Snow Globe Festival promises parent appeal with family entertainment

The secret to creating quality children’s entertainment might not be easy, but it is simple. Or is it the other way around?

For comedy, mom or dad falling over is the funniest thing in the world – as Robert Munsch figured out long ago. For drama, simply get rid of mom or dad. Or both. Disney kills mom all the time, from Bambi to Finding Nemo and beyond. Replacing parents with a cruel caregiver works, too.

Of course it’s not that simple – nor as mean as it sounds. Ellen Chorley, producer of the first Snow Globe Festival of Children’s Theatre that plays through Saturday at the Avenue Theatre, says that one of her intentions is never to talk down to her audience.

“You try to find a way to present conflict and problems that the audience is also feeling,” she says. “A good example of that is one of the plays we’re putting on, Miss Electricity, about a girl in 5th grade who doesn’t like being in 5th grade. She thinks she’s a boring person, so she wants to break a world record. The way she is, the way she goes about it, a lot of 10 years olds I know are like that.”

Chorley knows well the convention in children’s literature that putting parents at peril inspires instant drama, as does putting children into nasty situations or against nasty grown-ups they have to overcome. The playwright-producer is remounting her Fringe play “The Fairy Catcher’s Companion” at this festival, a Flowers in the Attic-sort of story about two sisters whose mother leaves them in the care of a stern aunt while she goes off in search of their father, who went to war and is missing in action. There’s some feeling and conflict right there. Chorley says the play is ultimately “about being sisters, about growing up.” The kids are confined to auntie’s library for days on end, where they discover the titular tome inside of which is a spell for summoning a fairy. Chorley gets to play both the aunt and the mischievous fairy, which, as you can imagine, involves a lot of quick costume changes. Chorley is also the costume designer for Snow Globe, which features three full-length productions – rounded out by the Lion, the Witch and the Wardrobe – along with the Holiday Halftime Show, which runs between change-overs.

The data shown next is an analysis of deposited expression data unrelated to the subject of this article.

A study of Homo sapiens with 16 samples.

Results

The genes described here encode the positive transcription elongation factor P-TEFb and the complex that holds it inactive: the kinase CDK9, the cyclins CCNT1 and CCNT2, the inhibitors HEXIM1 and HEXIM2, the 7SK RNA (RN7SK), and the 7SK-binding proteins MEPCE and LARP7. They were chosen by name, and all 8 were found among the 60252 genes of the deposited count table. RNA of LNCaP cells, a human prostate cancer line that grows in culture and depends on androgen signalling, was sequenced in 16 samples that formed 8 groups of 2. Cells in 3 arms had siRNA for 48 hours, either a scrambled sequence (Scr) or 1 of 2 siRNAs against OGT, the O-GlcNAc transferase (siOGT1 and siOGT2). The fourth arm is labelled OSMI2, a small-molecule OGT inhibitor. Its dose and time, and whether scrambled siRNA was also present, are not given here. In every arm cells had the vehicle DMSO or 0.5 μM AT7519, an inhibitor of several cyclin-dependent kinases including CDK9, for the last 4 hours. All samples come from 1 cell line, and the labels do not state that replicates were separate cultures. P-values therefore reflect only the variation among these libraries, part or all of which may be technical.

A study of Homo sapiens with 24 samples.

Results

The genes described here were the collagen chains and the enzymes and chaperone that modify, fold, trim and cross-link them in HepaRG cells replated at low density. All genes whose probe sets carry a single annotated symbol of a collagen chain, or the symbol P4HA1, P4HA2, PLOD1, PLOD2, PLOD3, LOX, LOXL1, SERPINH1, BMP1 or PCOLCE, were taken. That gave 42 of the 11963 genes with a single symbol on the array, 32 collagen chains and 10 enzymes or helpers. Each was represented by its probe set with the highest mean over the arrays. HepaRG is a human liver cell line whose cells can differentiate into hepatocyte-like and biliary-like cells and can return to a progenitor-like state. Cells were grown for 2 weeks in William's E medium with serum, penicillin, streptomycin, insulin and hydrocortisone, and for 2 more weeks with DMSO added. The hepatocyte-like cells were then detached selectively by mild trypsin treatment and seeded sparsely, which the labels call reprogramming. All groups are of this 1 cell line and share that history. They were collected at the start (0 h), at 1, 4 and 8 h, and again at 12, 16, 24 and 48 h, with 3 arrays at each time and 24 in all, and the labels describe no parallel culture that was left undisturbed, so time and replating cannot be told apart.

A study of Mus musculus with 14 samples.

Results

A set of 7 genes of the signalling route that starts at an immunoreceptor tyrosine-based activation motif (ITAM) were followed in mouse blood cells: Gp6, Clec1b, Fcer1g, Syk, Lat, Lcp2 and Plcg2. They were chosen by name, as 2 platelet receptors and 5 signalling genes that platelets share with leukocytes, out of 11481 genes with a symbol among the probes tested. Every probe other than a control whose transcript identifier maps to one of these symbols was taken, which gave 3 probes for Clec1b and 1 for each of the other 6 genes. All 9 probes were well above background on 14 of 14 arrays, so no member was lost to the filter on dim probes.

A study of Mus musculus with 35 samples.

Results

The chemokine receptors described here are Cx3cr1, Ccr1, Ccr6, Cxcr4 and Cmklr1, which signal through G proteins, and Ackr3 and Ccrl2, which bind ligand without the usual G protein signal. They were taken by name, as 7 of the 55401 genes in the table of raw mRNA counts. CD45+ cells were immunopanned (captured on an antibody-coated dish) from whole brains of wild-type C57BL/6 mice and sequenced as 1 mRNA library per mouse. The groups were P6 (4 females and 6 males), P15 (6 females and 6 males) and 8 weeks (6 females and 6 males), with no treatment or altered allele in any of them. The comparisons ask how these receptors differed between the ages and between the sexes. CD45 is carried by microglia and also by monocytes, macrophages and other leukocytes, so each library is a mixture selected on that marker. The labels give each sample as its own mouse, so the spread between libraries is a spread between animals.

While casting actors “willing to fling themselves all over the stage and wear costumes that will make them look like idiots” – taking the Munsch approach – Chorley says she doesn’t want to talk down to the grown-ups, either.

“It has to appeal to kids, but is also has to appeal to parents, too, because parents are ultimately the ones buying it,” she says. “So the intention I’ve been learning is that when you’re presenting quality children’s entertainment , it has to appeal to every age group. There has to be something in there that makes the parents want to buy the tickets and sit in the audience with their kids. You’re not creating children’s entertainment, you’re creating family entertainment.”

The Fairy Catcher’s Companion sounds like it fits the bill. It might even make a good Disney animated feature. Chorley says she’s at least willing to entertain the suggestion that it be expanded into novel – when she finds the time.

The Snow Globe Festival runs right through Christmas Eve. Click here for tickets and times.